Barely ten days have elapsed since Americans were rocked by the murder of 10 innocent Black Americans in a grocery store in Buffalo, New York.
Now Americans have been rocked and sickened by yet another mass slaying.
On Tuesday, a gunman entered an elementary school in a largely Latino community in rural Texas and opened fire.
As of this hour, at least 21 people are dead, including 18 children and three adults, according to a report by the Associated Press.
The New York Times is calling this “the deadliest American school shooting since the massacre at Sandy Hook Elementary a decade ago.”
The alleged shooter was an 18-year-old male.
The AP reports that “he killed his grandmother before heading to the school with two military-style rifles he had purchased on his birthday,” entered the school wearing body armor, and began his killing spree.
He was reportedly shot and killed by law enforcement officers.
The slayings took place just before noon at Robb Elementary School, where second through fourth graders in Uvalde, a small city west of San Antonio, were preparing to start summer break this week.
The gunman, whom the authorities identified as an 18-year-old man who had attended a nearby high school, was armed with several weapons, officials said. He died at the scene, they said.
“He shot and killed horrifically, incomprehensibly,” Gov. Greg Abbott said in a news conference.
As terrified parents in Uvalde late Tuesday waited for word of their children’s safety and law enforcement officials raced to piece together how the massacre had transpired, the mass shooting was deepening a national political debate over gun laws and the prevalence of weapons. Ten days earlier, a gunman fatally shot 10 people inside a Buffalo grocery store.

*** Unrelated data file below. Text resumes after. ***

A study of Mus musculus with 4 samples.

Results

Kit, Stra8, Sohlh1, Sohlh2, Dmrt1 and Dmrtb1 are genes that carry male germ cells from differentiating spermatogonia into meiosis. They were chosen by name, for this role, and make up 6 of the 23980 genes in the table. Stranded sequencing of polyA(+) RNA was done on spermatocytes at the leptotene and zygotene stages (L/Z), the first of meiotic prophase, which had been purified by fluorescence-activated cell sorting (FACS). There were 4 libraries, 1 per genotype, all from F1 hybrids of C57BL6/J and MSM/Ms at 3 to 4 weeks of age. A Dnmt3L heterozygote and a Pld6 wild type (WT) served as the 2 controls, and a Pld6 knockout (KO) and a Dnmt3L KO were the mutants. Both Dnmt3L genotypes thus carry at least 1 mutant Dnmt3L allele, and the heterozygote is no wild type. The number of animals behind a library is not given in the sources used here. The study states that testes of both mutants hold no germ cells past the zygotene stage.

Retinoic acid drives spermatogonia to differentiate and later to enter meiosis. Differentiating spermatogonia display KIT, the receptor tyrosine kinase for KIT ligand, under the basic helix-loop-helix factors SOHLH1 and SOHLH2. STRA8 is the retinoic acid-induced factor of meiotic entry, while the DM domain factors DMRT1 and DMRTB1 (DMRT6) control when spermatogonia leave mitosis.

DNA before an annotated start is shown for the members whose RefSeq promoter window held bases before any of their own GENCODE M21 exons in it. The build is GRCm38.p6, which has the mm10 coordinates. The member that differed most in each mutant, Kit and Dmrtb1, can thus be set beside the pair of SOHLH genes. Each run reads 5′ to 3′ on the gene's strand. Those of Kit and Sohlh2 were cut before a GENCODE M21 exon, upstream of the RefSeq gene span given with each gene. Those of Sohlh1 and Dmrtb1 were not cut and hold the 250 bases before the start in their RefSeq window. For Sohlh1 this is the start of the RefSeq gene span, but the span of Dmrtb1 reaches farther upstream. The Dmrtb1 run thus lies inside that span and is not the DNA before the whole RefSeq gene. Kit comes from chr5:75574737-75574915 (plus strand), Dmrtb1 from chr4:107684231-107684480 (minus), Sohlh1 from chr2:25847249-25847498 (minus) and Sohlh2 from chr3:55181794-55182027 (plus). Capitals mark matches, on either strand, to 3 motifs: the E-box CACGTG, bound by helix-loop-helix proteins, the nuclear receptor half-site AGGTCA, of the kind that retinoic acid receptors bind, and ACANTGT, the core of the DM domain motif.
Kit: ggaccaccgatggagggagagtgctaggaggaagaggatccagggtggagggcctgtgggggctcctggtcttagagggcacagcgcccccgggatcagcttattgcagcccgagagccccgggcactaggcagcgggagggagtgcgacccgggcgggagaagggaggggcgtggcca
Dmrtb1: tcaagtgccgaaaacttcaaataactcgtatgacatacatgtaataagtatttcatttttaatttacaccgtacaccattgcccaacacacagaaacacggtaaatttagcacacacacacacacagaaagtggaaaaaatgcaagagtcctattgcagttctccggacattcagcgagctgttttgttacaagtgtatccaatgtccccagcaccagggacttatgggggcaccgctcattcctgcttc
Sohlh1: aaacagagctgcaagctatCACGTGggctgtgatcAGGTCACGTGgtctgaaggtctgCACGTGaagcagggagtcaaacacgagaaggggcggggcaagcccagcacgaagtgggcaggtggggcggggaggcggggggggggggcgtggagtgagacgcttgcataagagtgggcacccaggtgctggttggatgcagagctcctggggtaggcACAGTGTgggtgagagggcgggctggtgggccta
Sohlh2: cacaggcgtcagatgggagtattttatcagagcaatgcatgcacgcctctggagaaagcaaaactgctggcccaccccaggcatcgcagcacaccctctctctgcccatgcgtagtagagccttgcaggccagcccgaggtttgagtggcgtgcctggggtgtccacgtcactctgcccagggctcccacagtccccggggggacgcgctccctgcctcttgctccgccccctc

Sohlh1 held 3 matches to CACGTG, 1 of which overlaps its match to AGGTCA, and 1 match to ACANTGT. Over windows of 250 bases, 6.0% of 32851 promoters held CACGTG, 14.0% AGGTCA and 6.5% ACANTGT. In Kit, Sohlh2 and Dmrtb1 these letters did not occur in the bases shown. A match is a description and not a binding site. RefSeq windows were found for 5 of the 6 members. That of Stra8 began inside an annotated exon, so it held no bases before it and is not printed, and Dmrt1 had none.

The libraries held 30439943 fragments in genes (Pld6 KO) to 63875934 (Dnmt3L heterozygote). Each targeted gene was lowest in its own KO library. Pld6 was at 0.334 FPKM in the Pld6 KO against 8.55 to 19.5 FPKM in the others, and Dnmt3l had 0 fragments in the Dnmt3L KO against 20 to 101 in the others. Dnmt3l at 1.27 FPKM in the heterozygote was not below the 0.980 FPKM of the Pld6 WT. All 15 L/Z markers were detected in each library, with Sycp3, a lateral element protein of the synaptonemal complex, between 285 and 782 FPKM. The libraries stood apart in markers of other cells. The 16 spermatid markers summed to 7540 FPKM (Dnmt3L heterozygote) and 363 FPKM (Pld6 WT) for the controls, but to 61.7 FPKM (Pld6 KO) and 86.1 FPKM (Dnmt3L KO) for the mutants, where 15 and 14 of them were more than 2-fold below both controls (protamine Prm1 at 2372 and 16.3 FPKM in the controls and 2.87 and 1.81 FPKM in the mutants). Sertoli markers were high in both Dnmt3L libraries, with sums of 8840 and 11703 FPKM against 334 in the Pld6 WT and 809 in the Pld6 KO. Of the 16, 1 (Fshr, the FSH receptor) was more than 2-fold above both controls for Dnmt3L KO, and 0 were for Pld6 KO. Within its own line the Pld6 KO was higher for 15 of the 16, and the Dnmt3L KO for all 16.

“This is just evil,” Rey Chapa, an Uvalde resident, said of Tuesday’s killings while using an expletive. Mr. Chapa said his nephew was in the school when the shooting took place but was safe. He was waiting to hear back from relatives and friends on the conditions of other children, scrolling through Facebook for updates. “I’m afraid I’m going to know a lot of these kids that were killed.”
“Adolfo Hernandez, a longtime Uvalde resident, said his nephew had been in a classroom near where the shooting took place. “He actually witnessed his little friend get shot in the face.” The friend, he said, “got shot in the nose and he just went down, and my nephew was devastated.”
Joel C. Rosenberg is the editor-in-chief of ALL ISRAEL NEWS and ALL ARAB NEWS and the President and CEO of Near East Media. A New York Times best-selling author, Middle East analyst, and Evangelical leader, he lives in Jerusalem with his wife and sons.